South Korea has staggeringly low obesity rates – just 6%, compared to 25% of obese Brits. With seafood being a major part of the South Korean diet, Jamie paid a visit to the famous Haenyeo ‘diving ladies’ of Jeju island, who free-dive impressive depths to catch their seafood bounty by hand.
WHAT IS SEAFOOD?
There are so many fantastic flavours to discover under the sea, from squid and shrimp to large flat fish, or smaller flavour-packed anchovies. ‘Seafood’ simply refers to any edible animal that lives in the sea (which includes fish and shellfish), so that covers everything from squid to shrimp, oysters to mackerel and octopus or clams.
IS SEAFOOD GOOD FOR YOU?
Yes! In general, seafood is a great, lean source of protein, which we need to build muscle and bones. Many fish, such as salmon and mackerel, are a source of polyunsaturated fatty acids, which keep our blood cholesterol levels healthy, protecting us from heart disease.
Salmon is super-high in vitamin D, while many white fish, such as haddock, are high in selenium (great for hair and nails) and iodine, which is good for producing metabolic hormones. Many shellfish are a source of micronutrients including zinc (good for skin and hair), copper (helps cell reproduction), chloride (a digestion aid) and iron (for healthy red blood cells).
Before you hit the shops, it’s good to know about Jamie’s two golden rules when it comes to buying seafood. The first, is to make sure you get to know your fishmonger. A good fishmonger will be able to advise you on what’s in season, what’s local what’s farmed and what’s sustainable – they’ll make your seafood shopping a whole lot easier. The second rule is that, generally speaking, fish is best eaten on the day you buy it (unless you’re curing it). This does require a bit of planning, but trust us, it’s so worth it to enjoy your seafood at its very best.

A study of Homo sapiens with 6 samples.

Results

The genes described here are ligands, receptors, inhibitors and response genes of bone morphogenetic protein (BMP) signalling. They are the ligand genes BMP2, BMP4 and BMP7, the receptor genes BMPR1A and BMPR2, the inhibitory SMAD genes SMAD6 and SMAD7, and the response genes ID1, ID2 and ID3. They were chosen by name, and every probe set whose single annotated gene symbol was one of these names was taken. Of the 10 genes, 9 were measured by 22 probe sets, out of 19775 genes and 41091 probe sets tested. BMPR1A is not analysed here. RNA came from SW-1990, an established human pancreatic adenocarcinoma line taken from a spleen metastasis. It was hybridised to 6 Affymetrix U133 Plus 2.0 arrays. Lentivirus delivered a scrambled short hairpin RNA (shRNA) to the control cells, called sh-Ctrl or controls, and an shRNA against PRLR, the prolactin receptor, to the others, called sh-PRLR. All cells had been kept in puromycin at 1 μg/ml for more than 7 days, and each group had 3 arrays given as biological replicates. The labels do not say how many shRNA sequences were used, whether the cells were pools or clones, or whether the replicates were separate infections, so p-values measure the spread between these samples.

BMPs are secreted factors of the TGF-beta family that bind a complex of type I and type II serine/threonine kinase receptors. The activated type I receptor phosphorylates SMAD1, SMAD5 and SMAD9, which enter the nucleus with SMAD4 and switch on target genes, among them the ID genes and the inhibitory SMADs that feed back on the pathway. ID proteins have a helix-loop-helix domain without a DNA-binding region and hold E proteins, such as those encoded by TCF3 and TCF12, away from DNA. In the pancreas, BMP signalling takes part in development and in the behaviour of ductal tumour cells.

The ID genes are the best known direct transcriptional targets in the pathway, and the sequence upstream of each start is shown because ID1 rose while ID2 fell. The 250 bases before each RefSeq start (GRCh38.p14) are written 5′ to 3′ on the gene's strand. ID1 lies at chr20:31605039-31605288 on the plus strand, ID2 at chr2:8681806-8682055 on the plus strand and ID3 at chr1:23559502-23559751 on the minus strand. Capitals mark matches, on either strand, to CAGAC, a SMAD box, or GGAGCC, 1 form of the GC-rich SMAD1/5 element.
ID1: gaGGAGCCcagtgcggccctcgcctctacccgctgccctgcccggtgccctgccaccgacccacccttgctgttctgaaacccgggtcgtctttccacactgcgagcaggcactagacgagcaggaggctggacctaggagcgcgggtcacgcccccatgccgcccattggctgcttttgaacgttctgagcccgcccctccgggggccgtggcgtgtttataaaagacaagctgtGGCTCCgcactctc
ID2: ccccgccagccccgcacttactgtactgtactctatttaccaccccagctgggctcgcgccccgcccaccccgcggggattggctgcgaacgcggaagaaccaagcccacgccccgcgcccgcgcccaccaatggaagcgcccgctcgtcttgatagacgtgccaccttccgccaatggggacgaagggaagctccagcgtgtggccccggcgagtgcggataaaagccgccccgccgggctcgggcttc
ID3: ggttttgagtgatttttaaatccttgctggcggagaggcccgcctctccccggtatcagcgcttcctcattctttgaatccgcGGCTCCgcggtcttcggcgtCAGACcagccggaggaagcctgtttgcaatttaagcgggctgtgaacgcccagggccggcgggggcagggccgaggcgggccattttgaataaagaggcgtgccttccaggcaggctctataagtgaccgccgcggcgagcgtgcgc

HOW TO PREPARE SEAFOOD
If you’re cooking with shellfish such as mussels, clams or oysters, you should only cook the ones that are tightly shut. Give any open ones a tap, and if they don’t close, chuck those ones away – opened shells usually mean they are old, or dead, and not safe to eat. Similarly, once cooked, any shells that remain closed should also be discarded. Here’s how to shuck an oyster.With a little know-how, it’s pretty easy to prep fresh shell-on prawns – check out Pete from Jamie’s food team showing how to butterfly them ready to cook. He’s also got prepping lobster and crab covered for you.